So Android Wear is out, and the first wave of smartwatches is already on its way. But what if you were an early adopter and purchased the first Samsung Galaxy Gear with your hard earned money? No need to turn green- or teary-eyed just yet as you can still put some pizzazz into your smartwatch, all thanks to a custom ROM simply called null_.
Before we embark on a semi-perilous journey, one needs to ask the important questions first: Why? The rather arrogant answer would be “because you can”. As it turns out, the Galaxy Gear is actually a competent beast. It may not have the exact same components as either the Gear 2 or the Gear Live, but it does come close. The CPU is actually a dual-core one capable of running at 1.6 GHz max, but Samsung has it throttled to one core at 800 MHz. There is also 512 MB of RAM sharing space with 4 GB of ROM. It may not have a heart rate sensor, but it does have a camera. Bottom line: it can do more than what Samsung has limited it to.
The other and probably more important reason is that flashing this particular custom ROM opens up your device to a new world of possibilities. You’ll practically be running a regular, full Android installation (the default smartwatch interface is actually just TouchWiz anyway) and even connect to the Internet on the device, via Bluetooth tethering. Of course, you’ll be doing things within reason and within the hardware’s limits. And finally, it can be fun!
But what exactly do you get when you install null_ ROM on your Galaxy Gear? There are a few benefits, but one that really opens up the floodgates is the ability to connect to the Internet on the smartwatch itself. This uses Bluetooth tethering, so do note that the usual network/carrier restrictions and data and battery usage do apply. Of course, you might not want to browse the web on such a small screen even if you can, but there are other uses that connection. You can download and update apps from Google Play Store directly (yes, Gapps can also be installed) instead of sideloading them. You can fire off an e-mail if you really need to, hopefully with a better suited keyboard. And perhaps more interestingly, you can now use Google’s Voice Search, opening up the possibilities of an S-Voice replacement on the device. You can even get Maps working directly to some extent. Do note that some apps, especially Google ones, won’t install or work because null_ ROM is glued to an older version of Google Play Services.
For the more daring users, you can optimize the hardware the Galaxy Gear. You can overclock the CPU to up to 1.6 GHz or down to 200 MHz, of course with performance and battery consequences. Setting it between 800 MHz and 1.2 GHz might be safest bet. null_ ROM also installs a few Xposed modules so that you can tweak the experience even further. For customizers, you can use any launcher of your choice. Of course, that has also been possible before through sideloading, but now it is easier to switch, install, and remove them as wanted. You can keep on using TouchWiz, which is really better optimized for a smartwatch, but note that sometimes your installed apps seemingly disappear. (PROTIP: When that does happen, you can use S Voice to open up any other launcher, go to the App Manager in Settings, Force Stop TouchWiz and then launch it again). During the flashing process, null_ ROM lets you choose whether you want a Full UI, with the notification panel, or the regular smartwatch UI. Both work, but they don’t really mesh well. If you do choose to have a notification panel around, best to use a different launcher. And no matter your choice, you won’t be seeing a regular navigation panel. (There is one actually, but it appears as an invisible bar and takes up too much space). You can still use the regular TouchWiz gestures of swipes, double taps, etc.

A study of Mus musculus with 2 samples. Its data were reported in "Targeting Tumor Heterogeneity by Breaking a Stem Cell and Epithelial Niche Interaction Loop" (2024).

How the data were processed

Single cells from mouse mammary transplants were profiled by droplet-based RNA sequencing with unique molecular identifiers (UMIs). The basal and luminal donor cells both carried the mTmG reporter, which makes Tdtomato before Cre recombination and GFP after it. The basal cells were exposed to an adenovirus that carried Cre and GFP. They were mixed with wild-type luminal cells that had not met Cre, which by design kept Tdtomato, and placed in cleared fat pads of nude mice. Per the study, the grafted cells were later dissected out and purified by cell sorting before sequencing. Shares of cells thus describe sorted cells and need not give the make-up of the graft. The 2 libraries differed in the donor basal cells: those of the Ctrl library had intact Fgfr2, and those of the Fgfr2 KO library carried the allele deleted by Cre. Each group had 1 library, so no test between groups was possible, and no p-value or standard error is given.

Of course, there will be some drawbacks to this kind of new life. Your data consumption is definitely aversely affected, since you’ll be channeling data to the smartwatch in addition to your smartphone or tablet. But the biggest hit of all will be the battery. Overclocking the CPU, which naturally has its own risks, and keeping the Internet connection open will drain your battery in no time flat. And it’s not just the smartwatch’s battery. Even your smartphone will be drained faster because of Bluetooth tethering. It could be worth the price. Best to keep this in mind and only enable Internet tethering when you need to or when you’re sure to have an emergency charger at hand.
null_ ROM might be fun and, to some, potentially useful but its definitely no Android Wear, which is optimized and streamlined for smartwatches. At least based on Google’s vision. There is still an active community around the Galaxy Gear at XDA, so there is a slim chance that someone could port it over to this older, but very much capable, hardware (though the Exynos chip instead of a Snapdragon might be a stumbling block). But even if Android Wear never comes for the Galaxy Gear, null_ ROM makes the system open enough for possible mods and tricks that could turn the semi-vanilla Android on the Galaxy Gear into something equally, or maybe even more, interesting.